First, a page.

BY KÉRA MATTHEWS '24
As a certified book lover, I often fall for television adaptations of my favorite reads. After all, who doesn’t want to see their favorite characters come to life on the big screen? Though my “high-expectation-reader” syndrome has raised my standards for said adaptations, I’ve managed to find a few that anyone would enjoy!
1. Pretty Little Liars
Pretty Little Liars is a chaotic mess of a show, but it’s undeniably entertaining. The show centers around the aftermath of teenager Alison DiLaurentis’ disappearance. Her best friends—Spencer, Emily, Aria, and Hanna—have moved on with their lives until they receive blackmail threatening to expose their darkest secrets from a mysterious “A.” To protect their reputations, the girls band together to get to the bottom of “A”’s true identity.
I read the many, many installments of the original book series in middle school, so I had high expectations for the show. Luckily, it didn’t disappoint, and I’d even consider it better than the original series. However, as engrossing as the show is, you can’t take it too seriously. The different ways that “A” messes with the characters are at times unbelievable, like the insertion of a paper message between the girls’ teeth. Both the show and the book series are easily binge-able, and though the thriller elements are what originally capture your attention, the insane romantic subplots will leave you reeling at the audacity.
2. Little Women (2019)
This movie is one of many adaptations of the classic novel Little Women. It follows the March sisters and their lives in a Civil War-era America. This adaptation jumps between their childhood during the Civil War and the present day in a post–Civil War world. The movie highlights the ups and downs that each sister faces, emphasizing that family is the one bond that can never be broken.
This movie seamlessly integrates word-for-word quotes that any close reader will notice, but it’s done so masterfully that, to a first-time watcher, these quotes seem like they were made for the movie. What sets the 2019 adaptation apart from other adaptations is its originality; its juxtaposition of pre-war and post-war scenes creates a clear path of character development that viewers can easily follow. These time skips don’t feel forced or awkward at all, and the subtle changes in lighting, angling, and character outfits are only some of the many small details that epitomize the movie’s ingenuity. Stellar production, along with outstanding acting by the star-studded cast, is what makes Little Women (2019) one of the best book-to-movie adaptations.
3. The Fault in Our Stars
The Fault in Our Stars is a tragic love story about teenagers Hazel Grace and Augustus Waters who meet at a cancer support group. As the movie progresses, their connection flourishes into an enduring and rare bond. Despite having little time left together, Hazel and Augustus embark on an adventure together that, although risky, could be the last thing that changes Hazel’s life.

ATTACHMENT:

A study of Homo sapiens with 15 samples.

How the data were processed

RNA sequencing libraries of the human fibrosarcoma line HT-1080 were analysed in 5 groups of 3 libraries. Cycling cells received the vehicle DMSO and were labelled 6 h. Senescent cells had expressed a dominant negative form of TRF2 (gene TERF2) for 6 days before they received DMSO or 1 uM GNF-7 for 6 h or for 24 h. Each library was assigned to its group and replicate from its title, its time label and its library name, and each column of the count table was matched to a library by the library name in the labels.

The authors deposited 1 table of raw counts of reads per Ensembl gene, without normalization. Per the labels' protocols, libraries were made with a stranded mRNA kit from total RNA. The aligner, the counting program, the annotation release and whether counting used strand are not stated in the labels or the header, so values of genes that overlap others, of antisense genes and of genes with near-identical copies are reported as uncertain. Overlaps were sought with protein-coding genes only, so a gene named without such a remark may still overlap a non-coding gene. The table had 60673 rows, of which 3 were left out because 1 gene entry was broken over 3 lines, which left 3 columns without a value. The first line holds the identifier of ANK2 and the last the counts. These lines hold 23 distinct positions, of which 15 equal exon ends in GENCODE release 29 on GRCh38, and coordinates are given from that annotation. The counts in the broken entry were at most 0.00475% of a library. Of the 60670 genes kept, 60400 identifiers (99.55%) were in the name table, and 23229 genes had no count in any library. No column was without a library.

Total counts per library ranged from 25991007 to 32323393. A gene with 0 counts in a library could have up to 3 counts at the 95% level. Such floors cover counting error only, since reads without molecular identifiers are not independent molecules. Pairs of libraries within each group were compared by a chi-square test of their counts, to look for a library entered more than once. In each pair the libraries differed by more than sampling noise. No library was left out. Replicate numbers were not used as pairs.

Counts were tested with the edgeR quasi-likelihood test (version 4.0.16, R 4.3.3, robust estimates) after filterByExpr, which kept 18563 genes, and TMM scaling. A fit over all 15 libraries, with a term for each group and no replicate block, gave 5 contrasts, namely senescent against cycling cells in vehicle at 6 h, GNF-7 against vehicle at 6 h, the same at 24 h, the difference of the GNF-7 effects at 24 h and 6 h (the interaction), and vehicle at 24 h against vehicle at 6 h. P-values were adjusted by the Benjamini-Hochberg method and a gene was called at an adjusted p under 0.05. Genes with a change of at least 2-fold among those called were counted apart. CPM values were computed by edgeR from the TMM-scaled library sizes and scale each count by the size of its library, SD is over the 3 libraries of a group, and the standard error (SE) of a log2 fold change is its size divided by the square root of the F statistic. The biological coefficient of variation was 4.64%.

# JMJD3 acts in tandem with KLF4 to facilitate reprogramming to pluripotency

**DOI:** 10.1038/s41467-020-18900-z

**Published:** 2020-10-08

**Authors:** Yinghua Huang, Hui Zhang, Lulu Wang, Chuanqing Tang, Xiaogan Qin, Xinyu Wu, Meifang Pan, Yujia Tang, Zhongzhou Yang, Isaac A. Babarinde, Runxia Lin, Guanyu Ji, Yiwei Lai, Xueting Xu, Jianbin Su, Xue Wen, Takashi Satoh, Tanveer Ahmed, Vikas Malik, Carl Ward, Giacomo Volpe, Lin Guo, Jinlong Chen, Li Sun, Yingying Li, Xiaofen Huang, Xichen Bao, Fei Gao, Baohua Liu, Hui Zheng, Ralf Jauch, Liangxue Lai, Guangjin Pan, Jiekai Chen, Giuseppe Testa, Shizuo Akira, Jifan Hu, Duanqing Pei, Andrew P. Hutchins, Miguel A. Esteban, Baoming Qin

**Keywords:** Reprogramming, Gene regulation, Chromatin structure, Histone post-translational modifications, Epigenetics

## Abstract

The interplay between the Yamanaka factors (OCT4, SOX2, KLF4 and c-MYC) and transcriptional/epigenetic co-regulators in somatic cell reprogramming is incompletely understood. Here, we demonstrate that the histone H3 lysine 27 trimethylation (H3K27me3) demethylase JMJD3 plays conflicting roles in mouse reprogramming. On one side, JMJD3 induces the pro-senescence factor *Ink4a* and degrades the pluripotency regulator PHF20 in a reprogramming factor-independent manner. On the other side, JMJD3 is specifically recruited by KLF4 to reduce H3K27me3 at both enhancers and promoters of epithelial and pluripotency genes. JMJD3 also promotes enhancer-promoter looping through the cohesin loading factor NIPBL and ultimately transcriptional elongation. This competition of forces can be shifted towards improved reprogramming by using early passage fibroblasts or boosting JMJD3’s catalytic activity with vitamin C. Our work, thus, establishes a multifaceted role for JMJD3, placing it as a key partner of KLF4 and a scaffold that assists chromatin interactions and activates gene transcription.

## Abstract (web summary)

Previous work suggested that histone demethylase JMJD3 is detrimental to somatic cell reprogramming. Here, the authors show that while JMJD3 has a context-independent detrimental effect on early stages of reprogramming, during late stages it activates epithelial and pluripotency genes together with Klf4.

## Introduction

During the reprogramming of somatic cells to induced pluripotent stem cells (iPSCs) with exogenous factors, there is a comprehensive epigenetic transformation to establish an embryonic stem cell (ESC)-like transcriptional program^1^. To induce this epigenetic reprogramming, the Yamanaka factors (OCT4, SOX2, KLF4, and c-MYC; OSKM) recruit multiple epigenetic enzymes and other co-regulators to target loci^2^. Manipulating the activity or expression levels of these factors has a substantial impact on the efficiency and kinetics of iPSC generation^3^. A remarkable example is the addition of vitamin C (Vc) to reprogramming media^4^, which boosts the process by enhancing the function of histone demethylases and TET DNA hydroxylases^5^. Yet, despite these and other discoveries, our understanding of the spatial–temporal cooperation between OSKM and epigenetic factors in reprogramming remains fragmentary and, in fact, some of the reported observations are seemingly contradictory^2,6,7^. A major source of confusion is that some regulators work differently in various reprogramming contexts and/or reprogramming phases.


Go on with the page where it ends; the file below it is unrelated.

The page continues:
Usually, I read the book before watching the movie, but, for this one, I made an exception, and I am very glad that I did so. The romance was, admittedly, pretty corny, but, by the end, I was drenched in tears. It’s hard not to sympathize with a story as heartbreaking as this one, no matter how it’s presented. It may feel a bit predictable when watching, but, in this case, its predictability is what adds to the emotional build-up of the storyline. By the end of the movie (and book!), you’ll want to take life by the reins and experience all that life has to offer before it’s too late.
4. Anne With An E
As the television adaptation of Anne of Green Gables, a coming-of-age story about Anne, a thirteen-year-old girl, Anne With An E is a wonderfully whimsical TV show that transports you to Anne’s world. Anne is just trying to find her place in the world after she is mistakenly adopted by siblings Marilla and Matthew Cuthbert, and both the book and show tell the story of her trials and tribulations through adolescence.
The best thing about this show is the quality of acting from Amybeth McNulty, who plays Anne. Her eccentricity, kind heart, and character growth make the show what it is. This show has a perfect ratio of side character development to main character development, and it excels where the book falls short by fleshing out emotional depth. The worst thing about this show is that it was canceled. I’m glaring at you, Netflix.
That’s all for my raving! Whether you’re a reader, a television lover, or both, you won’t be disappointed by either form of these stories. I recommend reading their books anyway, though :).